Crafts Beautiful Magazine

Why not whip this cute little set up for a little fun on Christmas morning?

What you need...
  • Silver tone beads, round: 8mm x 6; 10mm x 6
    Polymer clay, Fimo:tropical green (53); emerald green (56); glitter red (202)
    Jump rings, 10mm
    Bracelet blank, silver
    Head pins, silver
    Earwires, silver
    Kilt pin, three loop
    Pliers: flat-nosed x 2; round-nosed
    Cutters, wire
    Needle tool
    Rolling pin, acrylic
    Talcum powder
    Drinking straw, narrow
    Cutting mat
  1. Bracelet - 1. Use the templates provided and cut out three holly leaves from paper. Dust a piece of paper lightly with talc and roll out pieces of emerald and tropical green polymer clay to 5mm thick on top. Lay the templates over the clay and carefully cut out an emerald and a tropical green leaf using a scalpel.

    2. Carefully score lines on the leaf for veins, then pierce a hole near the top for hanging. Use a narrow straw to cut out a semi-circle above the hole to accommodate jump rings. Gently twist the leaves to shape, then make five more emerald green and five tropical green leaves.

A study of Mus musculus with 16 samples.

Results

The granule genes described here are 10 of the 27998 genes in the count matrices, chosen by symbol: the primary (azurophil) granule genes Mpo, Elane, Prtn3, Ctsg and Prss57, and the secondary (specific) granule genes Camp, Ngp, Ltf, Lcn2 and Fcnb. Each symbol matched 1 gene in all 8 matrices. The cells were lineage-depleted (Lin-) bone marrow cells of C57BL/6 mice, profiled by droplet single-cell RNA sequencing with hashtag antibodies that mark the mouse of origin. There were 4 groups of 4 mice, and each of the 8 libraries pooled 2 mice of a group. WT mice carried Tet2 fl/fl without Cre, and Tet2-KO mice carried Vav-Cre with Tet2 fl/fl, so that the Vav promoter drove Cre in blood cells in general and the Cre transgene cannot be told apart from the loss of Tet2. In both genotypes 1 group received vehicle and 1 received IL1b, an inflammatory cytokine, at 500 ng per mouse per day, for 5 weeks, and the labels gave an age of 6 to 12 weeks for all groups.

3. Roll 18, 6mm berries from glitter red clay. Use a needle tool to make holes in each one and place them on a baking tray along with the sheet of paper with the holly leaves. Bake in an oven according to the manufacturer’s instructions and allow to cool.

    4. Thread two leaves, one of each shade onto a 10mm jump ring. Repeat to secure 10 more leaves onto five jump rings and attach to a bracelet blank, spacing them evenly. Thread the red berries onto head pins, make neat loops and trim any excess. Thread three berries onto each pair of holly leaves, making sure the jump rings are tightly closed after.

  2. Brooch - Make up one emerald and two tropical green leaves, plus three glitter red berries. Thread the berries, plus six 10mm silver beads, onto individual head pins and form neat loops. Slip one berry and two silver beads onto 10mm jump rings with a holly leaf. Secure the three rings onto a kilt pin, with the emerald leaf between the two tropical green ones.